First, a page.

MARINE CORPS AIR STATION MIRAMAR, Calif. --
The Provost Marshal’s Office, Marine Corps Air Station Miramar Fire Department, Explosive Ordnance Disposal, and Aircraft Rescue and Firefighting participated in a Chemical, Biological, Radiological, Nuclear and High-Yield Explosives exercise at the gas chamber aboard MCAS Miramar, California, May 18, 2016.
The exercise revolved around the responding units identifying and eliminating the threat of a simulated clandestine drug lab.
The scenario began with police officers from PMO responding to a call about a suspicious person in a gas mask. The police officers apprehended the suspect and requested assistance from the Fire Department, ARFF and EOD.
Once all of the first responders arrived, they had to communicate and coordinate on-site operations using the Incident Command System, which is a standardized on-scene incident management concept designed to synchronize individual units as they work.
“The scenario we ran through today wasn’t an active threat scenario,” said Mark Manring, CBRNE protection officer for MCAS Miramar. “Due to the fact that there was no danger of [hazardous materials] infecting people or other buildings, the responding units still had to react quickly but they could take more time setting up and communicating with each other to proceed in the safest way possible.”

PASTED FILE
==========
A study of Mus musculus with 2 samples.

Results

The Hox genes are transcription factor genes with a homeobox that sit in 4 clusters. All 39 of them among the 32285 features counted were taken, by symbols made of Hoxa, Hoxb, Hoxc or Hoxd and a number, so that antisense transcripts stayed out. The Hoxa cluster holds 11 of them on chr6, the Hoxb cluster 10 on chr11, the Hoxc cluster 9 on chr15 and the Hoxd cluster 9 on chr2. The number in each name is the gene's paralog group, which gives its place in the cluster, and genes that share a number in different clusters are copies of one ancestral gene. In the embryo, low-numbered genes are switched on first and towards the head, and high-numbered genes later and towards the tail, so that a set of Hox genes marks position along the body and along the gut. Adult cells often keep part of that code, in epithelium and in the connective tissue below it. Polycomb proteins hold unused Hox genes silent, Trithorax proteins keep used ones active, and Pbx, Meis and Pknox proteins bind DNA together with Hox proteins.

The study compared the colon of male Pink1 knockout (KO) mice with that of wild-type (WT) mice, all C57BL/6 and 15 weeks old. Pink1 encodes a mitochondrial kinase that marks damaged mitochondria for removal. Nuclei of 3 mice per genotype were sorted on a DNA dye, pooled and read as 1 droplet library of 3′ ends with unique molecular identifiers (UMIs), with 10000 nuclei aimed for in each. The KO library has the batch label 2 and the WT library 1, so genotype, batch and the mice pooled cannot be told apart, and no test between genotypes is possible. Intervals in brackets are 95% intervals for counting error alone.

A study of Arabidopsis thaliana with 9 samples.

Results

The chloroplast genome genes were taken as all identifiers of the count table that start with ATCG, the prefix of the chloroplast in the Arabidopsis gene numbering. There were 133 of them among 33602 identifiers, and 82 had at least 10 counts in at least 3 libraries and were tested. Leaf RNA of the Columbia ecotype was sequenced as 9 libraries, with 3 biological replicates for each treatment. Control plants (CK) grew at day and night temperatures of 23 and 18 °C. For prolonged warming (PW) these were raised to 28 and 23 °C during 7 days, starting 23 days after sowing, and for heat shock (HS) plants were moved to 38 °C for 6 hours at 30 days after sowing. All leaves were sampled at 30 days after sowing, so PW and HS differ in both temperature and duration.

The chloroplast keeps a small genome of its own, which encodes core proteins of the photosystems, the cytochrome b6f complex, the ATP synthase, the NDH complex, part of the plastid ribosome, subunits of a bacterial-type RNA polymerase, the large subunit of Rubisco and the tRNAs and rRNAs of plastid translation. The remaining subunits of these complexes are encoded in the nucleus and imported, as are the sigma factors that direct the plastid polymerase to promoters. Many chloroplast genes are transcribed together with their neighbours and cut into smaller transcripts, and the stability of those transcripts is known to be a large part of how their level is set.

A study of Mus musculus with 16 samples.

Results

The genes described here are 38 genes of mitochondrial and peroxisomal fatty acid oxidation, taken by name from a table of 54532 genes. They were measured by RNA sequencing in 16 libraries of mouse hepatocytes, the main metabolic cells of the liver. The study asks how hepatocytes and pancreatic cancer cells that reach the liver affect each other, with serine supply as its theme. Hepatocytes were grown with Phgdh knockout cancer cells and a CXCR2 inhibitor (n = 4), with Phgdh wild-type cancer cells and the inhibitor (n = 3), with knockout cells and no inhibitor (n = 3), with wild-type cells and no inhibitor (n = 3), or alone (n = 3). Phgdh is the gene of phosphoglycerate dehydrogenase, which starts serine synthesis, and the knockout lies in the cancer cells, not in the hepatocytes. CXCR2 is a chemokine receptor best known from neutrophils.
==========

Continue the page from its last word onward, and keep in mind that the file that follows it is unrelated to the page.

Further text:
To make the exercise as realistic as possible, the personnel conducting the training used live CS gas inside the gas chamber to ensure the responding units knew how to properly use all of their equipment.
The Fire Department set-up and manned the decontamination station to decon anyone who went into the contaminated area.
Explosive Ordnance Disposal’s job was to ensure the hazardous area presented no bomb threat and then ARFF followed with their HAZMAT team to identify and neutralize any possible threat.
According to Manring, although the exercise allowed units to test their HAZMAT training, the main purpose of the training was to ensure the multiple units knew how to successfully work together during an emergency.
“We train to this because we’ve got to train to what can happen in the real world,” said Manring. “It made sure EOD, ARFF and the fire department knew how to work together. Now, if a similar situation should arise, all these units should know what each one brings to the table and how to best utilize each other’s skills to deal with potential threats.”